This Christmas season seems to be of the “request” category and it’s been fun! The latest request was for a local scene! And landmarks of my small town are a favorite subject so I hardly needed the encouragement. In fact, our local New Deal era Post Office had been on my list for quite awhile.
For one thing, I had found it challenging to get a photo of it I really liked. Montezuma’s Post Office is not flush against the street but set back on a deep corner lot with large trees, shrubs and a flag pole in between. Once up close, well, you’re so close that a full view is problematic. Perhaps it could be confronted in some way, but that was the reason I chose to sit down with my Wacom Tablet and pound out my own version of this classic New Deal era post office.
My local artwork is also somewhat idealized, a combination of the present, childhood memories, and pouring over photos of similar New Deal Era Post Offices, and I was amazed at just how many of them there are! And although there’s clearly the same hand in designing many of them, they were remarkably distinct creations. I only came across a handful that were just like our decades old Post Office. One of the things I was specifically hunting for while looking at all those historic New Deal Era Post Offices was, oddly enough, lamp posts. It seems like such a mundane thing to fixate on but my childhood memories of climbing those steps was the lamp posts. They were clearly influenced by the Art Deco era and unlike any of the others in town.
But our historic post office was damaged in the flood that hit middle and south Georgia in 1994. And those old lamp posts were among the casualties. Every time I see the generic ones there today, I miss the originals. While I was searching for references or any details about them, I found numerous small black and white photos and postcards of post offices around the country. And although the details were small, I saw lamp posts that looked similar on many of the New Deal era post offices. And ironically every time I did, when I looked for more contemporary photos of those old post offices, their original lamp posts were also gone. Clearly 70+ years on, this was one of those small details that had faded away. After all, most of these classic buildings are still working buildings. No doubt when their lamp posts were likewise damaged, costly historic reproductions were not in the cards.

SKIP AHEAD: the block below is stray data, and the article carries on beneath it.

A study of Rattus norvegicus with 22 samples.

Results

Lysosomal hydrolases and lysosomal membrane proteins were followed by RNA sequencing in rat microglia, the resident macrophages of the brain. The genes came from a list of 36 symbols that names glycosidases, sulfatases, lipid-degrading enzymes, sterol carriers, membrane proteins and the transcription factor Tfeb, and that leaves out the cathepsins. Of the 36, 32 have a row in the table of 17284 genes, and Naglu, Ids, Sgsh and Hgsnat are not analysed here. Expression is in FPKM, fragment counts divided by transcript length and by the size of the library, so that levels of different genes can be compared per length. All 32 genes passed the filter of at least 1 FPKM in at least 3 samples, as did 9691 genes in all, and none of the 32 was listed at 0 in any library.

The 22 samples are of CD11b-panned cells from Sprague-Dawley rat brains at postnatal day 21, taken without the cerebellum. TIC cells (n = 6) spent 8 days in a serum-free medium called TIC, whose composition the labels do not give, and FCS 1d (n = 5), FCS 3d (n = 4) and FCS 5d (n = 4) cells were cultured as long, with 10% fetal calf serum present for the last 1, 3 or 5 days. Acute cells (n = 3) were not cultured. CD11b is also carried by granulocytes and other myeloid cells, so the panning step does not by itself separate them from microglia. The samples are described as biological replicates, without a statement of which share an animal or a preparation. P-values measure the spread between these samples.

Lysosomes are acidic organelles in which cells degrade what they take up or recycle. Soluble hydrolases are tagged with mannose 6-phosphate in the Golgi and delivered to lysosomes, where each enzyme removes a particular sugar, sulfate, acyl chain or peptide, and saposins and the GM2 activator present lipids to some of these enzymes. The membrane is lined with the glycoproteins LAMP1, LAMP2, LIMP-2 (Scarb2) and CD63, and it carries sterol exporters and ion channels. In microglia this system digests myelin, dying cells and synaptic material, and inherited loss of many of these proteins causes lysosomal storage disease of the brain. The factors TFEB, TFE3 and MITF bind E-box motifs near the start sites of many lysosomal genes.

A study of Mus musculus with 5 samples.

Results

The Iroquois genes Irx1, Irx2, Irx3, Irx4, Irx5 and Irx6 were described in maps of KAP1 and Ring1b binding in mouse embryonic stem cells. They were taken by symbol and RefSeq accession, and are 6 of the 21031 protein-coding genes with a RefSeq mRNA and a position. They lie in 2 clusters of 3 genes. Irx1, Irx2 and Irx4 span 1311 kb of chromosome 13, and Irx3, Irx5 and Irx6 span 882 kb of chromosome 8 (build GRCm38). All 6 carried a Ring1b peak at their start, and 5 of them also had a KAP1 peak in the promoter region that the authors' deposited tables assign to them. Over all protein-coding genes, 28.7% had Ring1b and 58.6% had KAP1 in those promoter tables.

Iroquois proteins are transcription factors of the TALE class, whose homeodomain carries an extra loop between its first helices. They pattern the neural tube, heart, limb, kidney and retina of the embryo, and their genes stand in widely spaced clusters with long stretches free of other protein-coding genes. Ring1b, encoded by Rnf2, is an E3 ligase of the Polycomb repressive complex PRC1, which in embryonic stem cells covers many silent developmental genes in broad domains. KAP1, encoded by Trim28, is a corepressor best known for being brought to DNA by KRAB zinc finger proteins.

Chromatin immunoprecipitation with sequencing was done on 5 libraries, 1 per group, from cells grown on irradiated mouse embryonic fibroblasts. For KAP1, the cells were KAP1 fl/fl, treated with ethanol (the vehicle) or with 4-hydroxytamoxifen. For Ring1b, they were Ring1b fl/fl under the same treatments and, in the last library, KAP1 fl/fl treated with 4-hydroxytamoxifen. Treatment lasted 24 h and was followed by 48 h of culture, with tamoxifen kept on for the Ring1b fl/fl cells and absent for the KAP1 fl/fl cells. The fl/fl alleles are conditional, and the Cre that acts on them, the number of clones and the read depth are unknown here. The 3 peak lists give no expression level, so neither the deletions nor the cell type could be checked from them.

There were details I left contemporary as you can see, like the front door which I know is not original but has always been, in my memory, a modern commercial style. I wasn’t going for a 100% authentic vintage image of a New Deal Era post office. I’m sure there are countless antique postcards that serve that purpose. This is very much my nod to a building that still has a community purpose in our small town.
And I’m so glad for the request to get this one done now. It was a pleasure to capture another piece of local architecture and history of home.